British-Chinese relations have deteriorated in recent months over media-related disputes and the role of diplomacy in the two countries. Pool Photo by Pang Xinglei/UPI
British-Chinese relations have deteriorated in recent months over media-related disputes and the role of diplomacy in the two countries. Pool Photo by Pang Xinglei/UPI | License Photo

March 10 (UPI) -- Britain's top diplomat to Beijing is defending a post on Chinese social media platform WeChat after being summoned to the Chinese foreign ministry about the article.

Ambassador Caroline Wilson said Tuesday evening on Twitter that she "stands by" her article and pointed out her Chinese counterpart in London wrote more than a dozen editorials for British media.


Wilson's article on Chinese social media described the role of foreign journalists as a "watchdog." The foreign press' criticism of the Chinese government also is not the equivalent of "China-hating," the ambassador had said, according to Hong Kong Free Press.


"I think they act in good faith and play an active role as a supervisory agency of government actions, ensuring that people have access to accurate information, and protecting those who have no voice."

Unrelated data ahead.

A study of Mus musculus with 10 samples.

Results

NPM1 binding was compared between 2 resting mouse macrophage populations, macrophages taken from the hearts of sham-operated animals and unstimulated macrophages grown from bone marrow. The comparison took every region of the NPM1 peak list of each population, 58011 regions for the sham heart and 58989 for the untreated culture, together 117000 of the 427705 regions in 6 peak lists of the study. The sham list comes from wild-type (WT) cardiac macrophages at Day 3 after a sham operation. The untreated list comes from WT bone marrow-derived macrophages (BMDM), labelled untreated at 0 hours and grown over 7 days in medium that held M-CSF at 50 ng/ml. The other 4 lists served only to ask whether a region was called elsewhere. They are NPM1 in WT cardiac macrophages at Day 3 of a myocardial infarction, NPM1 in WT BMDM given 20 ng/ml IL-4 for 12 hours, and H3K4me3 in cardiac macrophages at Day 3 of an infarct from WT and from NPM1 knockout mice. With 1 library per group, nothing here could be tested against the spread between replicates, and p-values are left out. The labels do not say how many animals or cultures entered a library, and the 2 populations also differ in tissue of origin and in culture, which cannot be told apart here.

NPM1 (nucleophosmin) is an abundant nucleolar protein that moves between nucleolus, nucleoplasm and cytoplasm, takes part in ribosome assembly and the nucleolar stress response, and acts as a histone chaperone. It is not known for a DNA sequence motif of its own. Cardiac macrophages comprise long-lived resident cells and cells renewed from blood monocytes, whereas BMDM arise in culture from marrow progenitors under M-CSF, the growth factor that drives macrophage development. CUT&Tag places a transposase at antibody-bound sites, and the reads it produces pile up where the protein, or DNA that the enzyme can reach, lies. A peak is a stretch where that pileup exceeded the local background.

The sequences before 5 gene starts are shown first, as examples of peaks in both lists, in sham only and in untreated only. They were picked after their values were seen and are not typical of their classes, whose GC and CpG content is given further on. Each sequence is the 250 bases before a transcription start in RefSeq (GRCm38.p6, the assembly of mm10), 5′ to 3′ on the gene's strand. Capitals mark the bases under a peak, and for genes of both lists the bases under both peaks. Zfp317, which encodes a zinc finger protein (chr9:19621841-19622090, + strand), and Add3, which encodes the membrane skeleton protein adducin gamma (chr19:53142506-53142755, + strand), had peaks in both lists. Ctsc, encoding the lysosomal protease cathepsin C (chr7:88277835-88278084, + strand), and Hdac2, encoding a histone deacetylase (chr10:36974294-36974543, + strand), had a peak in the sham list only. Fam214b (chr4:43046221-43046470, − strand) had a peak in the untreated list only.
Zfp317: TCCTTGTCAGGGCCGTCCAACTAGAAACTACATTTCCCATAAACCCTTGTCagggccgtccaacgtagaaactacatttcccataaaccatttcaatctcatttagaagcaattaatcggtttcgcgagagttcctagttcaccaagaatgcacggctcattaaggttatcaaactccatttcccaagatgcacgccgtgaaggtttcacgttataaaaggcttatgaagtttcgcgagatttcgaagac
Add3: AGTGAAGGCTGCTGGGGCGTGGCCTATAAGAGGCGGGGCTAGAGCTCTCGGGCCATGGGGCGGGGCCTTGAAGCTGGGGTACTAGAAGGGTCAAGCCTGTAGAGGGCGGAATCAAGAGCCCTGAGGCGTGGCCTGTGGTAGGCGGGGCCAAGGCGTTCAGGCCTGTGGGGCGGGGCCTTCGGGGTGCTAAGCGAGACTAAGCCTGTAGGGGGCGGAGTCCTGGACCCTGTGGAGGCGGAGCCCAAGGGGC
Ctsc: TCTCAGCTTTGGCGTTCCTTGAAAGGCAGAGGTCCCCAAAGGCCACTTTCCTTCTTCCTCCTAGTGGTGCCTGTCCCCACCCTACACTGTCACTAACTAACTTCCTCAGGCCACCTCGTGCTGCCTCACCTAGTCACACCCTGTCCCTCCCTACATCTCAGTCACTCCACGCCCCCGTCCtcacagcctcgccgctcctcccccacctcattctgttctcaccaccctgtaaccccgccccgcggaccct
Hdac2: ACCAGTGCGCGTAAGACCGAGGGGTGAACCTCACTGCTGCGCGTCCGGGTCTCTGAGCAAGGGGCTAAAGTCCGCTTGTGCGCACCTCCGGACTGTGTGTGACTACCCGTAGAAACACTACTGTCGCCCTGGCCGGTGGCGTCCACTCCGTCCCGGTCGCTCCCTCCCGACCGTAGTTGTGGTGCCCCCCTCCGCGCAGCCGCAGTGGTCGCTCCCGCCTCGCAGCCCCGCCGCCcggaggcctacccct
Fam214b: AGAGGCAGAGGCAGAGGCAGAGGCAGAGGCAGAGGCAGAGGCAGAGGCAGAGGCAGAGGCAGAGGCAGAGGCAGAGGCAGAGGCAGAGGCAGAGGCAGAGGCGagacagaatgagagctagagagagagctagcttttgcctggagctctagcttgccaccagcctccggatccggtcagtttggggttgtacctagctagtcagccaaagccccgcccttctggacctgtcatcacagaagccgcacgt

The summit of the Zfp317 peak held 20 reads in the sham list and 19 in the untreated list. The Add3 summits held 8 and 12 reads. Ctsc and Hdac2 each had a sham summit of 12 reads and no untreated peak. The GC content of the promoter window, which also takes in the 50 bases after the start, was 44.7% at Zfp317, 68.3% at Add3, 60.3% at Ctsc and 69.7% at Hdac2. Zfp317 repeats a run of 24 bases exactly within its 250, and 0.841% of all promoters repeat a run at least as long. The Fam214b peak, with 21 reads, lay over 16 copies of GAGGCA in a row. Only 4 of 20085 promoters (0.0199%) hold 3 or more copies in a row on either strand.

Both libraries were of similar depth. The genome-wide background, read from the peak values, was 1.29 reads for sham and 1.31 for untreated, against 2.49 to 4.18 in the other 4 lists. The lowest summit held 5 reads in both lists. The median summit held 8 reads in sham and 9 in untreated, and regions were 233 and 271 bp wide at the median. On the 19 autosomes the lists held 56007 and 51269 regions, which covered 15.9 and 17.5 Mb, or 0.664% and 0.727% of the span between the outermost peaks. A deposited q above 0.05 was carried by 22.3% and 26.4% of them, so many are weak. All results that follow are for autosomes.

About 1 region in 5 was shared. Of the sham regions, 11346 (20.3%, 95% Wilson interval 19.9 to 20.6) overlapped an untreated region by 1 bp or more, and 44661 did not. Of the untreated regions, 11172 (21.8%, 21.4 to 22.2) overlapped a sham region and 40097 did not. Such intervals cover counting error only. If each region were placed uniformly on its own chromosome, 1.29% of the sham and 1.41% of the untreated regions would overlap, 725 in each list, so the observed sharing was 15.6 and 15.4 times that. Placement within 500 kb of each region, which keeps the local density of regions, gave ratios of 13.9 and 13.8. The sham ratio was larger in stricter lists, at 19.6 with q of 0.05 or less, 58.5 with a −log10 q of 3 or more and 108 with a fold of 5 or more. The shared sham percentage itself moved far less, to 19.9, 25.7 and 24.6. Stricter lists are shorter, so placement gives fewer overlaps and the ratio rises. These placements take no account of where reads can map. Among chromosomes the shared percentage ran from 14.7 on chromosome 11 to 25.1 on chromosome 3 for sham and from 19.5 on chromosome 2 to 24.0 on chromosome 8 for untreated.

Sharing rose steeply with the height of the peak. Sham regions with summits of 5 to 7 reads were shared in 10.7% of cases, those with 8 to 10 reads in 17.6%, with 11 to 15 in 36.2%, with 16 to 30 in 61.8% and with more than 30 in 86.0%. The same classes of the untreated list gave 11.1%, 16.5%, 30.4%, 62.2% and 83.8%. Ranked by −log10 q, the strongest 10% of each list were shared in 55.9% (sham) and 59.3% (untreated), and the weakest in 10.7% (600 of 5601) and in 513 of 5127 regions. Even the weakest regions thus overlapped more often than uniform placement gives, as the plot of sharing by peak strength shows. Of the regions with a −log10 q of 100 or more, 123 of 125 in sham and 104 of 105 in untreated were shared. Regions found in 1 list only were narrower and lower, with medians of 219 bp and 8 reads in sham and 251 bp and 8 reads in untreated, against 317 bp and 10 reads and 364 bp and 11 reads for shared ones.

The article has drawn a sharp response from China's foreign ministry.


Zhao also said Wilson's writing reflects "double standards" and "deeply rooted ideological prejudice" against China.

"Diplomats have an obligation not to interfere with the domestic politics of the host country, and this is a principle that must be observed," Zhao said.


Zhao said Wednesday that China does not oppose the Quad, but that "all cooperation initiatives" must be undertaken with "peace and development" in mind.

The White House said Tuesday that President Joe Biden and his counterparts in Japan, India and Australia are expected to convene their first Quad summit Friday.